Humor Magazine

Rocking the Temporary Life

By Dianelaneyfitzpatrick
Move #2 of 4 is done and I'm as settled as I'm going to be in a temporary apartment in San Francisco. There's a reason I devoted a whole chapter of my book on temporary living. If you've never done it, you might not think it's a big deal. But let me assure you, temporary living during a move is the weirdest transition state you'll ever be in. You are living someone else's lifestyle with someone else's stuff. The only good thing about temporary living is that it's temporary.
"Well, at least we'll get a feel for what it would be like to live here," my husband said. Which does us no good whatsoever, because we will probably never live in a microscopic apartment with modern knick-knacks, hotel soap, lamps with no apparent on-off switch, and only one frying pan.
Here's what else I have for my temporary apartment life:
* A bunch of cardboard boxes and packing materials that I don't know what to do with. This apartment is too tiny to shove them anywhere. I don't know any of my neighbors or I'd try to pass them off on someone who is moving out and needs them. Also I don't know enough about the trash disposal rules and regs or where the security cameras are to know how easy it would be to abandon them in a hallway  in Building 2. To recycle them probably involves cutting and folding that is beyond my interest right now.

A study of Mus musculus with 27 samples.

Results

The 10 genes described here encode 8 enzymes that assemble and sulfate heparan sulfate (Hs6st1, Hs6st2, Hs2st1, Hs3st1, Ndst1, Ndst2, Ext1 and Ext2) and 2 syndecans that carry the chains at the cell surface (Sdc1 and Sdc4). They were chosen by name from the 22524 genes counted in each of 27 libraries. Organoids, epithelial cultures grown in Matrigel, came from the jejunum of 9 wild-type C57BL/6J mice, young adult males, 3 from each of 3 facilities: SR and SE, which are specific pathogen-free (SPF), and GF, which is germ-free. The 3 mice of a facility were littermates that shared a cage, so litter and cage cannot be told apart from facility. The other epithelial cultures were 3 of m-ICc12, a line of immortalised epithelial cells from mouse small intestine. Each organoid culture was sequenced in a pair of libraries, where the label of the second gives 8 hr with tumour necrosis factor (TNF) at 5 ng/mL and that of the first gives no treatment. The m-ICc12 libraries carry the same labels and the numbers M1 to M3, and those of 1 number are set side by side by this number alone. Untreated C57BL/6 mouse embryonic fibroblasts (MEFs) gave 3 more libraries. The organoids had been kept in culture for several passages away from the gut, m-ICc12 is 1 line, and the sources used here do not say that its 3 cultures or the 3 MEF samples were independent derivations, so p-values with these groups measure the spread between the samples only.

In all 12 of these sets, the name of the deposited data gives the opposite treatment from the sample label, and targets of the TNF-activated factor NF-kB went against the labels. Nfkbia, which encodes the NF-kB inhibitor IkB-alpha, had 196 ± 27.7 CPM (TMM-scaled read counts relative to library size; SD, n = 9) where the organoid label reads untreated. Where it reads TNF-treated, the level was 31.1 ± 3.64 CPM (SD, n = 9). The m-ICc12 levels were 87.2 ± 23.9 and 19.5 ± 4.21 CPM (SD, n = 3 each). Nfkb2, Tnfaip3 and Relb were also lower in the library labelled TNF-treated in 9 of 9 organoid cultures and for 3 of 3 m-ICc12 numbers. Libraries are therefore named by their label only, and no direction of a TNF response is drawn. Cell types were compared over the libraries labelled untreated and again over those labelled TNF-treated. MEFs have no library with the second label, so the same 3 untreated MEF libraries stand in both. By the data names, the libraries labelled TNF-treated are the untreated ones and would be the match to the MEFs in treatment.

* A set of wine glasses and a bottle of wine that the relo welcoming committee left for us, along with some artichoke spread and crackers. The only reason we didn't wolf that down on sight last night is that we were too exhausted to find the corkscrew and we didn't have enough upper-body strength to open a jar. That won't last another night, I assure you.
* Photos of us in frames that my husband's new employer so sweetly had set up here before we arrived. It was a gesture so nice that when I walked in the door, after a grueling day of travel, and saw a picture of  us with our Florida friends on the beach, I about burst into tears. Sentimentality is a dangerous thing to a woman who is moving.
* One of those nicer-hotel beds with 16 pillows and layers of duvets, blankets and sheet-like things. It took me 45 minutes to make the bed this morning and it still didn't look like it did when we walked in, which is just like the Pottery Barn beds. Mine looked like the Princess and the Pea when she was 6 and was practicing cleaning up her own room.
What I don't have is:
* My magnifying make-up mirror. So in the next up-to-6-months, if you see a photo of me with a big black hair growing out of my chin, please private-message me. Thanks. (If you could give me a rough location of where it is, I can probably take care of it - I do have tweezers.) If you see unsightly facial hair after I get my mirror back, you will kindly keep your opinions to yourself.
* Any measuring cups or measuring spoons.
* An umbrella.
* Any hand cream or body lotion whatsoever. I could dry up and blow like a crispy old leaf right down King Street right now.
I'm making the best of the situation and am doing some matchmaking. For instance, the wine glasses look to be roughly 1 cup, so I measure the dog's food in fine glassware with a stem. The dog is suitably impressed with herself over this.  It's going to be an interesting couple of months.